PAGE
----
Media owned by billionaires is not independent

Fairfax is already run by directors with interests in mining. And energy. And defence. And big pharma. And retail…

Two of the most prominent Fairfax newspapers, the Sydney Morning Herald and the Age, have updated their mastheads to include the slogan “Independent. Always.”

The slogan alone does not make it clear from who or what they are claiming independence. After all, billionaire Gina Rinehart, one of the world’s richest people, is the single biggest shareholder in the company.

Fairfax does have what it calls a Charter of Editorial Independence that says: “Editors alone shall determine the daily editorial content of the newspapers.” The editors know not to step out of line.

When Rinehart bought these shares last year, it was widely said — even by Fairfax — that she was interested in gaining “influence” rather than making a commercial decision. In 2010, when she bought a large stake in TV station Channel Ten, conservative columnist Andrew Bolt wrote: “Rinehart is on a mission. Channel 10 is just the vehicle.”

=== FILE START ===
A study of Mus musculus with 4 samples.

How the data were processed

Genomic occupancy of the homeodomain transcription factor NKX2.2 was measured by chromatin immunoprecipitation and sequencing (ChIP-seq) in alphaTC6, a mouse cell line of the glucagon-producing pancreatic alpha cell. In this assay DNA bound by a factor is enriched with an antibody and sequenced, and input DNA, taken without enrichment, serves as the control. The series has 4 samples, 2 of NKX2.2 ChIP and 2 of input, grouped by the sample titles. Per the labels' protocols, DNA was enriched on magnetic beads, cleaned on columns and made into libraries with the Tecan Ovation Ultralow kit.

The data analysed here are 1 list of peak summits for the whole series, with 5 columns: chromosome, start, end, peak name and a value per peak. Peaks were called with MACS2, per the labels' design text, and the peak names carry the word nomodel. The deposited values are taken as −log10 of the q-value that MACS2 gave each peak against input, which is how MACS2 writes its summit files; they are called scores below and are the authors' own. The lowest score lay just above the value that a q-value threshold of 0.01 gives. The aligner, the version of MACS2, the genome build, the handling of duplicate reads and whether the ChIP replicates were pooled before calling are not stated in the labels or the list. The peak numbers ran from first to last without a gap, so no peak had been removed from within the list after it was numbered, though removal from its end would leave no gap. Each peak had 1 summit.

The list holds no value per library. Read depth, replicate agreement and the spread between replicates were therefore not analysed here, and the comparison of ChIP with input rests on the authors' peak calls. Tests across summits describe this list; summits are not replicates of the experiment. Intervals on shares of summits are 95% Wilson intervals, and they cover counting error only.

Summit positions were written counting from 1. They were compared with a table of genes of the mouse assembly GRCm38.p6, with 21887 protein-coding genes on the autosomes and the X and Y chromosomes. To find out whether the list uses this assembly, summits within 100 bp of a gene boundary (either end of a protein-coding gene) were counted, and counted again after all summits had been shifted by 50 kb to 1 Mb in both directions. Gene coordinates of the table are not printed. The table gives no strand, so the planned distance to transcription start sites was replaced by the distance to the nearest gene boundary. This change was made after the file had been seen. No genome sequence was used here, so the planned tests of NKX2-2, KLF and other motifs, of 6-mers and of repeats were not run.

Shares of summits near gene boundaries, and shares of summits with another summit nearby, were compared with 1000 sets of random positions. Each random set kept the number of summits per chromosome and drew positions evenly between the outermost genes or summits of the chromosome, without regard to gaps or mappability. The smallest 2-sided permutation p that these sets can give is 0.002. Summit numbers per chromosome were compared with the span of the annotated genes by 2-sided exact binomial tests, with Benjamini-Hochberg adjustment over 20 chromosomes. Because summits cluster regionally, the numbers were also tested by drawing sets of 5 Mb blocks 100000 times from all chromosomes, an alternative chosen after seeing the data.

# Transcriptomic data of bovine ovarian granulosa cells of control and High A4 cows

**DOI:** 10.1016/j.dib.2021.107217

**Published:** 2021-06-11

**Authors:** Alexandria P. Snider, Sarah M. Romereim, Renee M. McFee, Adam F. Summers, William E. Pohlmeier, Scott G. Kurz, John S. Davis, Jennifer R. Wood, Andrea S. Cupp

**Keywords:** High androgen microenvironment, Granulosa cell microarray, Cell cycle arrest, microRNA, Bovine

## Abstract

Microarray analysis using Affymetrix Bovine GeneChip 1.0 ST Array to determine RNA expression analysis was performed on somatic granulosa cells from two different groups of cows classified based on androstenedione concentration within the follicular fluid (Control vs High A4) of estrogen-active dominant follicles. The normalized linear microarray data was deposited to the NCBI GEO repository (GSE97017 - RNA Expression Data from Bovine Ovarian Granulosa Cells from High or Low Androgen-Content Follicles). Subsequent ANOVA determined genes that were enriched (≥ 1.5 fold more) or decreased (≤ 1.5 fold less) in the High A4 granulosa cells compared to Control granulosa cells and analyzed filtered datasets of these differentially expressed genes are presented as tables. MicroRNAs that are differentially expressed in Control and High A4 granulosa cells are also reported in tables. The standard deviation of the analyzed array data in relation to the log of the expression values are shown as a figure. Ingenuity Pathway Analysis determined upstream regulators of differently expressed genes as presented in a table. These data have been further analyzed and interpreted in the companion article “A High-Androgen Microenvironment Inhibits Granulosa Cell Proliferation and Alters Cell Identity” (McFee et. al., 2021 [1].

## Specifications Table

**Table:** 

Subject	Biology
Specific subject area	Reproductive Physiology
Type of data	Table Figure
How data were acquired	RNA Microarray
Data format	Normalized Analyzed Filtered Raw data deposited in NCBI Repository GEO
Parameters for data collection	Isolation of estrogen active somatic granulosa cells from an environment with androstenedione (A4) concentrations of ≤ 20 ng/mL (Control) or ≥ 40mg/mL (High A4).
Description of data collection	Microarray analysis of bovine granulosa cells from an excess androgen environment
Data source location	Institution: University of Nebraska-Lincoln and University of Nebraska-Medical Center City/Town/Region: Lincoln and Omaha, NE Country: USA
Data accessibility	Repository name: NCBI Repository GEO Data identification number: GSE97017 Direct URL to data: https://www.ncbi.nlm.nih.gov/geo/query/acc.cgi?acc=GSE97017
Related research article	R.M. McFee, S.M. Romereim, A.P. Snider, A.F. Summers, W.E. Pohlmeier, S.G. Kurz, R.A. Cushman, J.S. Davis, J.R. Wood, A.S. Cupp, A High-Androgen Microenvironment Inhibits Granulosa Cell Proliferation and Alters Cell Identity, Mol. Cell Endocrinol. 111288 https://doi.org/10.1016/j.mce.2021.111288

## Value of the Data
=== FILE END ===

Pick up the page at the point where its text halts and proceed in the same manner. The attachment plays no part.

The mission is to convince the Australian public — but mainly politicians — to support her idea to turn northern Australia into a “special economic zone” where she can pay less tax and lower wages.

Prime Minister Kevin Rudd and Liberal leader Tony Abbott have now adopted this plan. Rudd pledged to introduce the zone to the Northern Territory if he was re-elected, saying on August 15: “It would be great to have a company tax rate here one-third lower than that of rest of the country.”

It’s not just the owners of Fairfax that have an influence on the news. Green Left Weekly has previously reported about the business interests of the Fairfax board. “Fairfax is already run by directors with interests in mining. And energy. And defence. And big pharma. And retail … Corporate media go to great lengths to claim they are impartial and balanced because it is not a good look to admit that, as corporations, they are naturally biased towards corporations.”

Fairfax might not like its readers to think of it as a corporation, but it is run to make a profit. It makes its money mainly through advertising, a model that is getting harder and harder to sustain, as moves to restrict online content reveals.

There is speculation Fairfax will scrap its weekday editions by as early as 2015. Because that’s what corporations do with products that are not making money.

Unlike Fairfax, GLW is not owned by billionaires. Nor is it run for profit. It is proudly independent. Because of this, it relies on donations from readers and supporters to continue.